Red Alert

Armistice Day Address, Le Quesnoy, France

Posted by on November 16th, 2012

E nga mana, e nga reo, e ngā hau e whā, tenakoutou katoa.

They came from the uttermost ends of the earth – young men from a young country far away.

There were 100,000 New Zealanders – ten per cent of the country’s entire population and nearly half of the young men of fighting age.

By the end of the war, nearly 60,000 were casualties and over 18,000 now lie in the places where they fought and died.

It was a huge price to pay for a small country.  No town and almost no family was left untouched.

They came as soldiers of the British Empire.  Those who returned did so as New Zealanders.

They came to fight for King and Country but most often they fought and died bravely because they did not want to let their mates down.

Well over 18 million died in the Great War which supposedly was the war to end all wars.  But 21 years later Europe was again at war with itself.

The greatest achievement of the European Union has been 60 years of peace.

For the first time in three generations, my generation did not have to come to Europe to fight a war.

Memorials eulogise the glorious dead.  But we know that the manner of their deaths, cut down by shell blasts, gas and machine gun fire was anything but.

We are here to commemorate the dead and honour their sacrifice, not to glorify war.

Eighty of our dead lie here in Le Quesnoy, killed tragically in the final week of the war.  Their families celebrated the end of the war before they learned that their sons had died on its final days.  We mourn the dead but we are proud that they liberated your town from four years of occupation and helped protect it from destruction.

Today we renew the bond between us, forged by their efforts and sacrifice, which has endured over the generations.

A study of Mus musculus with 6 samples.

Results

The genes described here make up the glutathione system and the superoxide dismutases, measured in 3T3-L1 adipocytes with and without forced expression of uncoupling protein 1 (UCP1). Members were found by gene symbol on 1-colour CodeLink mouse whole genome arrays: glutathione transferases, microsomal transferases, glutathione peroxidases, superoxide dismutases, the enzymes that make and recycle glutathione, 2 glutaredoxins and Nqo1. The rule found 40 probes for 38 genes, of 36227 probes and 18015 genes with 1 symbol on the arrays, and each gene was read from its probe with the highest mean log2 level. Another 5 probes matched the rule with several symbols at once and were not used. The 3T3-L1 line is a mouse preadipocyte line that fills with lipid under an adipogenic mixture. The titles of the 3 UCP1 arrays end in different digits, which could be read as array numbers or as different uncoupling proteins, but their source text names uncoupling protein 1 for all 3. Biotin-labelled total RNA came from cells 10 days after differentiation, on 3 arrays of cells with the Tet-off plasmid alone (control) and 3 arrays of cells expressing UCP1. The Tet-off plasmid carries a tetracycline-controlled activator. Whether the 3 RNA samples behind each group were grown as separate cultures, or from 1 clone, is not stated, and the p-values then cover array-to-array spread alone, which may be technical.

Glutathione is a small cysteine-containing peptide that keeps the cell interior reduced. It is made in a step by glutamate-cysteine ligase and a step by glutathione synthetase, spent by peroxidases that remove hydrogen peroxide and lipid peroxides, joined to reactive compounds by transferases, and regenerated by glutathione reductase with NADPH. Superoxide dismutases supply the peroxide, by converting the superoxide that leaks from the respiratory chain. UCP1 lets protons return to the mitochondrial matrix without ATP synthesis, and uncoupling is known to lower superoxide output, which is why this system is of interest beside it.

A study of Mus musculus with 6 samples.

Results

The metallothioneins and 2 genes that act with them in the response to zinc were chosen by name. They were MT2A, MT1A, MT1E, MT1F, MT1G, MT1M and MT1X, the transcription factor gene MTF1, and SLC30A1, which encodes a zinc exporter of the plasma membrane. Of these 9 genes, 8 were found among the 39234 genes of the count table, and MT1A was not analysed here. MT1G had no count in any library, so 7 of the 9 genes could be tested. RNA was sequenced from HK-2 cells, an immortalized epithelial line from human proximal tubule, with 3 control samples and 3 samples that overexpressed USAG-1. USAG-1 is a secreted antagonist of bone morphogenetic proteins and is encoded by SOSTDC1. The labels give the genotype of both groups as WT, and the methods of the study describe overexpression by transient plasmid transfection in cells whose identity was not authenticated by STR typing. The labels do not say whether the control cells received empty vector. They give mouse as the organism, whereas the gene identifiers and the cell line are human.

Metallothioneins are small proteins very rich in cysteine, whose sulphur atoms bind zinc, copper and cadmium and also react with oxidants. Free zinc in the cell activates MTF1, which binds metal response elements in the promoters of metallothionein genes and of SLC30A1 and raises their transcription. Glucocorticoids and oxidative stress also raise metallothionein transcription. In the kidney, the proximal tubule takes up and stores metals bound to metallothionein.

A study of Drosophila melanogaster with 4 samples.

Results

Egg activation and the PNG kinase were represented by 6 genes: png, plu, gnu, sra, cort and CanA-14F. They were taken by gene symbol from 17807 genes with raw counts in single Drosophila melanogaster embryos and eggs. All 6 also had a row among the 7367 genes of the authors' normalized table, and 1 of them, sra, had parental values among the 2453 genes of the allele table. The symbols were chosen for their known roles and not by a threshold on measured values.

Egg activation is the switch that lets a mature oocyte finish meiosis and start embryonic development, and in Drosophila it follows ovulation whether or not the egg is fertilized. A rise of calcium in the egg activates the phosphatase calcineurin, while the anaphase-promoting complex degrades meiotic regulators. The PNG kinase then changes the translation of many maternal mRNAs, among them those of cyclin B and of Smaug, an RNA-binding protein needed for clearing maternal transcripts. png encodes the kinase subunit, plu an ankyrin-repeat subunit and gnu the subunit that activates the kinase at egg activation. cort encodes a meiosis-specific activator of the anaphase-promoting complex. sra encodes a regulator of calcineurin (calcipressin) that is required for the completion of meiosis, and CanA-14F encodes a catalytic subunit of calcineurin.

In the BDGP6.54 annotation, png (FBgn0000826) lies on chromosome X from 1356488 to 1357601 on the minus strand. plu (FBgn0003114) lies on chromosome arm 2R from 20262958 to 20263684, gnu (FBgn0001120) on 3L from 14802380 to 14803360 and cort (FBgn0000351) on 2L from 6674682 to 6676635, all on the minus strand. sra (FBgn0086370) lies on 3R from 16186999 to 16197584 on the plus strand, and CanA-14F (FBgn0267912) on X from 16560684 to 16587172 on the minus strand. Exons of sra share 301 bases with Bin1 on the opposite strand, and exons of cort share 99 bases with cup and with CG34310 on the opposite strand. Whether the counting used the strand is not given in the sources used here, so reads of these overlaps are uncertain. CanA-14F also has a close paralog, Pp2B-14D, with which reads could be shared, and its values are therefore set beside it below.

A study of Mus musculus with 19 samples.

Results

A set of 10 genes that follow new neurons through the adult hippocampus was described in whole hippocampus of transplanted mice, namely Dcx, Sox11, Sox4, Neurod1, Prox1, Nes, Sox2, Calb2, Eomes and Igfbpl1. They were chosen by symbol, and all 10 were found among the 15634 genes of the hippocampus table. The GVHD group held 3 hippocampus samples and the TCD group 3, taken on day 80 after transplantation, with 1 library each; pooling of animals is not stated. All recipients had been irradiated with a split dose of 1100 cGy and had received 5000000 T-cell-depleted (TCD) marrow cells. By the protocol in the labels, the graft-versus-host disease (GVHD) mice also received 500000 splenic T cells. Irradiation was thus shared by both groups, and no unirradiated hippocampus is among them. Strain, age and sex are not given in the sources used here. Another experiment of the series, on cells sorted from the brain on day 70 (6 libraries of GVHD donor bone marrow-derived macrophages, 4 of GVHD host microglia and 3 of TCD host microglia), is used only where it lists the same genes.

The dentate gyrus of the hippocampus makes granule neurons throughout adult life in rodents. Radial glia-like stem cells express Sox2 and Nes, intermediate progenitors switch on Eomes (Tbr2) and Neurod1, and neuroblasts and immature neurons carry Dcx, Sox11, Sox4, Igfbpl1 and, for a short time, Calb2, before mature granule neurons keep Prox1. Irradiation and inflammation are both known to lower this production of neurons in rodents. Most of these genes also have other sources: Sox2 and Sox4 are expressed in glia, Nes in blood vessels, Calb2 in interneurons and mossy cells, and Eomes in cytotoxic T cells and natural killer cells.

This year, as every year, we pay tribute to the men who fought and died, who gave up their lives for New Zealand, to liberate France and Le Quesnoy.

In New Zealand our veterans recite the Ode:

They shall not grow old as we who are left grow old.

            Age shall not weary them nor the years condemn.

            At the going down of the sun and in the morning

            We will remember them.

Nous les souvenirons!


2 Responses to “Armistice Day Address, Le Quesnoy, France”

  1. bbfloyd says:

    Good speech Phil…. While I read through it, the fact that those eighty deaths were utterly unnecesary was in my mind…

    We need to remember just what those sacrifices mean to those living now, and how they gave us the “identity” we, until recently, have been so proud of….

  2. Jack Ramaka says:

    I had a grandfather who fought at Passchendale where we lost 80-90% of our troops in half an hour as the wire had not been cut and we were being bombed by our own shells.

    The German machine guns cut us to ribbons.

    Another grandfather was one of the few that got off Chunuk Bair alive although severly wounded so I guess we need to be grateful we are actually here on this earth.